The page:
Why We Sleep - Chapters 13-Conclusion Summary
The final section of the book covers the many ways that modern life has impacted how much we sleep. The invention of the light bulb has allowed us to restructure our daily schedules at the cost of our natural sleep cycles. Exposure to electric lights in the evening shifts the timing of our sleep schedules due to a delayed release of melatonin leading to later bedtimes. The more constant environmental temperatures afforded by central heating and cooling also alter our ability to sleep by reducing natural temperature changes that help aid in sleep. In order to fall asleep in the evening, your core body temperature must fall by 2-3 degrees Fahrenheit. For most people, an ideal ambient temperature for sleep in the evening is approximately 65 degrees Fahrenheit. Many people leave their thermostat set too high in the evening which makes it more difficult to fall asleep. When unable to sleep, both alcohol and sleeping pills may be sought out as sleep aids. Alcohol and sleeping pills may seem like they help with sleep, but in actuality both classes of drugs behave more like sedatives than sleep aids and prevent essential sleep cycles from occurring. Due to the dangers of sleeping pills, cognitive behavioral therapy and improving sleep hygiene are now recommended as first line treatment for insomnia over sleeping pills.
Throughout Why We Sleep the importance of sleep for all forms of health has been emphasized again and again, however many harmful societal ideas about sleep still persist. In the U.S. especially, there persists the problematic notion that the best employees work extremely long hours and reduce the amount of sleep they obtain in order to work even more hours. A lack of sleep reduces the competence and productivity of all levels of employees including managers. In order to improve employee well-being and productivity, companies should highlight the importance of sleep and even encourage employees to nap. The start times of schools in the U.S. represent another harmful disconnect between societal expectations and sleep science. The sleep cycles of teenagers are shifted later than adults, yet many schools have early start times that lead teenagers to miss out on REM sleep. When school’s shift to a later start time, student’s grades and SAT scores improve. In one Minnesota school, shifting the school start time from 7:25 to 8:30 am led to an almost 200 point cumulative increase in SAT scores across subjects. As the book closes, Dr. Walker argues that enacting policies that take sleep needs into account could improve the well-being of not only individual’s but the people around them in a wide range of fields from education to law enforcement and medicine.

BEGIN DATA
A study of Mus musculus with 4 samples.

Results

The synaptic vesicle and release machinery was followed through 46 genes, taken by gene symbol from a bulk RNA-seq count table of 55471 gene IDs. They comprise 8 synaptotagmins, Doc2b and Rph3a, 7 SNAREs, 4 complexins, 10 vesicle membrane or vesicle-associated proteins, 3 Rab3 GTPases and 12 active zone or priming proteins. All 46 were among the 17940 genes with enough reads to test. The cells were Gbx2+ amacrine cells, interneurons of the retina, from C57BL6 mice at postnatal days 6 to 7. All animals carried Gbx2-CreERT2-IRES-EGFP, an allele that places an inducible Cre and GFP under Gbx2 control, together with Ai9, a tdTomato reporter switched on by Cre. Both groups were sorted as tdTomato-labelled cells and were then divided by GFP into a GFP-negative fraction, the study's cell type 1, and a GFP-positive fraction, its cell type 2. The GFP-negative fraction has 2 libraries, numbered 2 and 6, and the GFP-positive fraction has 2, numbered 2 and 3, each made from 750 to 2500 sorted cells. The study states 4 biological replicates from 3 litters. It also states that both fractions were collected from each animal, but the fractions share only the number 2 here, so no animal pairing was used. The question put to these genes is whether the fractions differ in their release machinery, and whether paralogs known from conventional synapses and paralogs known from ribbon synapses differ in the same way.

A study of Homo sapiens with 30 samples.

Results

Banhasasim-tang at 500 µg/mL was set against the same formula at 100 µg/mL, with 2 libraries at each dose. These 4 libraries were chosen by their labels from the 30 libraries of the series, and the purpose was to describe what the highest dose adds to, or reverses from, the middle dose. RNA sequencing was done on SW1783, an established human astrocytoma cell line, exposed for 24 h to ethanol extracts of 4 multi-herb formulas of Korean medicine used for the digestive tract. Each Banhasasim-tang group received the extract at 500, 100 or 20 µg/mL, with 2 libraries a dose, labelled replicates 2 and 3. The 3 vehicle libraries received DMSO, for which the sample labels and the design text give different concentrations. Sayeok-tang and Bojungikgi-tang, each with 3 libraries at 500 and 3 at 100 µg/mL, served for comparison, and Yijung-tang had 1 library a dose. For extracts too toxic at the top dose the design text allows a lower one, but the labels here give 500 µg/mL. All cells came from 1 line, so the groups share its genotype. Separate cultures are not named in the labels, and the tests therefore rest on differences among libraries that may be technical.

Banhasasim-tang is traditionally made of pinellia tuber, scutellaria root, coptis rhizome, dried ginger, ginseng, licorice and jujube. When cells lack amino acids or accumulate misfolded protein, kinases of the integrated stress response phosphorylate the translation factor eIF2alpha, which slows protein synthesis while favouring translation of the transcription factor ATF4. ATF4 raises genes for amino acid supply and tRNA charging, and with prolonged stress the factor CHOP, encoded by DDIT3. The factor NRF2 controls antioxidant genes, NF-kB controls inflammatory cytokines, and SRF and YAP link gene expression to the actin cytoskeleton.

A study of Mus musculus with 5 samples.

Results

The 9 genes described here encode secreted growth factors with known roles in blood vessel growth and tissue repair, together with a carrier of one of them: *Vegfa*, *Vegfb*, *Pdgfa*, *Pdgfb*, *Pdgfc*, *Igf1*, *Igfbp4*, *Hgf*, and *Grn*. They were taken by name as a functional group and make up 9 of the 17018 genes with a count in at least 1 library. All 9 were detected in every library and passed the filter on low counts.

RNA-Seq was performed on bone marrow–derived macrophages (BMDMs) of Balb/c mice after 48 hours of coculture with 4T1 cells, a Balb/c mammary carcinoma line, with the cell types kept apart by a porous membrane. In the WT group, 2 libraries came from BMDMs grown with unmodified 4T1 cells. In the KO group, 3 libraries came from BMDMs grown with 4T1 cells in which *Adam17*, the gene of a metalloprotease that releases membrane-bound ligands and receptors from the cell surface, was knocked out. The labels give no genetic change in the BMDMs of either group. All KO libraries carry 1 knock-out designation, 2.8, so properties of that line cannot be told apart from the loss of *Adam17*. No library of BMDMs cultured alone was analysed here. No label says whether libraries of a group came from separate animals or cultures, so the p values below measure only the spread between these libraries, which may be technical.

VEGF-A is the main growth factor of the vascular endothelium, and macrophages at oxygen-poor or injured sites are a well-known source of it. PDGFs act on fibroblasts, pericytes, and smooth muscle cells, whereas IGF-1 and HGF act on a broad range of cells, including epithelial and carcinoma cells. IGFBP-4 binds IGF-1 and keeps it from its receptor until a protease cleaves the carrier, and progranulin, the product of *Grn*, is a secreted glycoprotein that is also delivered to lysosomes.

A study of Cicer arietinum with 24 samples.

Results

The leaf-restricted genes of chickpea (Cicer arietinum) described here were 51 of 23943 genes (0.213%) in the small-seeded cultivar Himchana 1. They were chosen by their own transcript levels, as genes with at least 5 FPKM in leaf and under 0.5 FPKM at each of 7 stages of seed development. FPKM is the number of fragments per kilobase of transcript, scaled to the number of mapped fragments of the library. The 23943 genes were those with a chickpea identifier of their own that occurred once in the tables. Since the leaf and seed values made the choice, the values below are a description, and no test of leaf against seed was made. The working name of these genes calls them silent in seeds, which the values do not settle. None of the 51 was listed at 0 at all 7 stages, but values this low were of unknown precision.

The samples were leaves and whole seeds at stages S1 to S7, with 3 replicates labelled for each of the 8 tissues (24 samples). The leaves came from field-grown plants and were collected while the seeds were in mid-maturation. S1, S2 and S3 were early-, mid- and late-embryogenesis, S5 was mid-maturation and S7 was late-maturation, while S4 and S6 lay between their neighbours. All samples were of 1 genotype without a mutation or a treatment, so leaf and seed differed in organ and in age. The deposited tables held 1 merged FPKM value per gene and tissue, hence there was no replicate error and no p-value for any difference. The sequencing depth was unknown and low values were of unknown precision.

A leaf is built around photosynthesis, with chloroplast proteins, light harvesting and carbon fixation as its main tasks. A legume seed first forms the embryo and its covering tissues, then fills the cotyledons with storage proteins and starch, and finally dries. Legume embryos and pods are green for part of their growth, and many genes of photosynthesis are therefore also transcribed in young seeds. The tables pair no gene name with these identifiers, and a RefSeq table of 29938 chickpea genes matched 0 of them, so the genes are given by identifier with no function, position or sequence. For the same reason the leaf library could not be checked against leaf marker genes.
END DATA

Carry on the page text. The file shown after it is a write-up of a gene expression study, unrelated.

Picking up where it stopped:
Andi DeRogatis is a graduate student at UC Davis in the animal biology graduate group. She is currently studying how the avian immune system is influenced by the process of molt. She loves all things birds and is passionate about getting others excited about birds as well! You can follow her on Twitter @AndiDerogatis.
Lindsey Mooney is a graduate student in the UC Davis Psychology Department. You can follow her on Twitter @Linz_Mooney.